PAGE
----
How much should I quote?

The first rule you should remember – the extensive usage of quotes will hardly enrich your essay. The main of idea of an essay written on your own is expressing your own thoughts. Quotes serve as the helper to make your piece of writing perfect but you should be careful with quoting a passage.

There are some situations when it is preferable to quote a passage to support your idea.

  1. The passage you are quoting is elegant and memorable in its writing style.
  2. You use the quote as the proof of your ideas, argument.
  3. You are going to analyze the passage in the next lines of your essay.
  4. You want to argue with someone’s opinion and prove the correctness of your own words.

If you think that a paragraph from one of your sources is worth being mentioned but not quoted, you may summarize or paraphrase it, highlighting the main idea.

Why should I always identify my sources?

When you read a book, you know its author. When the reader comes across a quote in your essay, he should be aware of its origin. The source should come first, before the quotation. For example, if your essay is read in front of the audience, people are likely to miss out that the sentence you have already read was the quotation (in case you put a quotation at the end).

The legitimate example of introducing a quotation:

Dickens paid much attention to the influence of outer factors on own well-being. This is clear as he writes in Great Expectations, “The late stress upon me had enabled me to put off illness, but not to put it away; I knew that it was coming on me now, and I knew very little else, and was even careless as to that”.

How should I introduce a short quotation?

When the quotation is short, you’d better make a brief introduction.

As Ernest Lismore from W.Collins’ Mr Lismore and the Widow was puzzled he started asking himself various questions: “What could be the old lady’s object in ascertaining that he was still free from a matrimonial engagement?..”

If you want to strengthen your analysis, then presenting your own argument works well:

Men are rather cautious when they meet woman they Like as they are afraid of her having children and a husband. In Mr Lismore and the Widow, Wilkie Collins proves these words when describes Ernest Lismore’ feeling: ” What could be the old lady’s object in ascertaining that he was still free from a matrimonial engagement? If the idea had occurred to him in time he might have alluded to her domestic life, and might have asked if she had children. ” (5). Yet their willing to become loved is stronger than anything else.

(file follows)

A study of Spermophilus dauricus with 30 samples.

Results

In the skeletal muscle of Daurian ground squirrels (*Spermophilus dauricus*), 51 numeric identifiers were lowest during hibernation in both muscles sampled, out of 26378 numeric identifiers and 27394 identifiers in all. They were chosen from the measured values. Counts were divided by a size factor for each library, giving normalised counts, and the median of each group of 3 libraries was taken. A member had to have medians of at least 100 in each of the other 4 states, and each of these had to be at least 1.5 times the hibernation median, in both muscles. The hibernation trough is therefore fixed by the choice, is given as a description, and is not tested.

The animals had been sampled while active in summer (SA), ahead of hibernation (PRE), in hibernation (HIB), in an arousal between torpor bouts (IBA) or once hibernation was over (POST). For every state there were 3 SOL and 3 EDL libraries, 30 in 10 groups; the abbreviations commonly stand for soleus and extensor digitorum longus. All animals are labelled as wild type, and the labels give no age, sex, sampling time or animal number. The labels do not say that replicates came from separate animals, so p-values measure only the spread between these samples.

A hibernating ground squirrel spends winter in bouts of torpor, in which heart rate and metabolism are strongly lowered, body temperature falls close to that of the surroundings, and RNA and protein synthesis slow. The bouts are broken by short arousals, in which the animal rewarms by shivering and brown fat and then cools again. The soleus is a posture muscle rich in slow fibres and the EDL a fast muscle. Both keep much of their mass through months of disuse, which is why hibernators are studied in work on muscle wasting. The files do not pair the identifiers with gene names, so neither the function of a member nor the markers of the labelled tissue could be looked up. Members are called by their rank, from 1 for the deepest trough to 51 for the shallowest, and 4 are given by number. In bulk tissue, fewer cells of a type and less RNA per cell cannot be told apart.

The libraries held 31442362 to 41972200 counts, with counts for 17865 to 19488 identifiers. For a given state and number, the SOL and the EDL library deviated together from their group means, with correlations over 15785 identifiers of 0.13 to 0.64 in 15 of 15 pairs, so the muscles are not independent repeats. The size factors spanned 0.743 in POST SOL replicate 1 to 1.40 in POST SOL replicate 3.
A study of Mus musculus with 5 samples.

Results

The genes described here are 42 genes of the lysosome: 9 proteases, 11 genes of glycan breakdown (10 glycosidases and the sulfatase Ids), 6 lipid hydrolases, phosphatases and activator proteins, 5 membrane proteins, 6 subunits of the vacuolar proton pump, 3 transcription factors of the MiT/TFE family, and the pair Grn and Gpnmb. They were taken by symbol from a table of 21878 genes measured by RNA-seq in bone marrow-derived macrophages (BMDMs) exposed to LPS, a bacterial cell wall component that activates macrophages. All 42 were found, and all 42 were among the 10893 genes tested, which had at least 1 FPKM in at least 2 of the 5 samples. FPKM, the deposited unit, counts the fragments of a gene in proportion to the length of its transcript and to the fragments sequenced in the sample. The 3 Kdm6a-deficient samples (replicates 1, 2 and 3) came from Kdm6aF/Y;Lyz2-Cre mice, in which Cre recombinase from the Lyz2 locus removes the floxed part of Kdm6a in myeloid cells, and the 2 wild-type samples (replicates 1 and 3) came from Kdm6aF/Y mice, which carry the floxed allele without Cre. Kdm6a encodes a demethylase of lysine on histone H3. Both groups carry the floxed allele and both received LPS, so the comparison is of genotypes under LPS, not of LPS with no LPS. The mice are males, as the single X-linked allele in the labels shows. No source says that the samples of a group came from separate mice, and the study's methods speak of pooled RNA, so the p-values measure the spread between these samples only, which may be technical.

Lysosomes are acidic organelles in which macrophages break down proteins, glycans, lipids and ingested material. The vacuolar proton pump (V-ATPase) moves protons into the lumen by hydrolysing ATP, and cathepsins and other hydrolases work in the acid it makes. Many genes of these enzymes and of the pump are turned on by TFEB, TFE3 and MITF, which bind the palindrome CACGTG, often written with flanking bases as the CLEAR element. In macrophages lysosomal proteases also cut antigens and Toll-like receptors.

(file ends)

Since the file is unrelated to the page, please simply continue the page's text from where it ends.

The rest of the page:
Introducing quotations, pay attention to two possible ways of punctuation. When a quotation is introduces with a full sentence, a colon at the end of the introductory sentence is always used. In case a quotation with an incomplete sentence is presented, then a comma after the introductory phrase should be placed. However, it has become grammatically correct to use a colon rather than a comma:

Collins writes: “Ernest Lismore was thoroughly puzzled.”

If you are blending the quotation into your own sentence using the conjuction that, any punctuation is needed:

Collins writes that “Ernest Lismore was thoroughly puzzled.”

What phrases can be used to diverse my quotations?

The following verbs are commonly used to introduce quotations: argues, writes, notes, reveals, states, claims, insists, observes, suggests etc.

The following phrases help the writer introduce quotations: 1) in the words of X,… 2) in X’s view, … 3) according to X, …

How should do I introduce a long quotation?

If your quotation is lengthy, introduce it with a full sentence. In case your quotation is longer than four lines, quotation marks are spare. A block quotation is better than a long quotation:

O.Wilde’s play The importance of Being Earnest gets people of all ages and social class grinning, if not realizing themselves the importance of being earnest:

It seems to be mine. Yes, here is the injury it received through the upsetting of a Gower Street omnibus in younger and happier days. Here is the stain on the lining caused by the explosion of a temperance beverage, an incident that occurred at Leamington. And here, on the lock, are my initials. I had forgotten that in an extravagant mood I had had them placed there. The bag is undoubtedly mine. I am delighted to have it so unexpectedly restored to me. It has been a great inconvenience being without it all these years. (410)

Block quotations help to demonstrate your grasp of the source material but they need to be followed by your own analysis. In case the analysis is lengthy, break the paragraph into some paragraphs.

How can I inform a reader that I’ve altered my sources?

The removed text is usually replaced with an ellipsis — three periods surrounded by spaces:

In A Case of Fever, R.Barr comments that “this doctor … was not like the usual Atlantic physician. ” (9).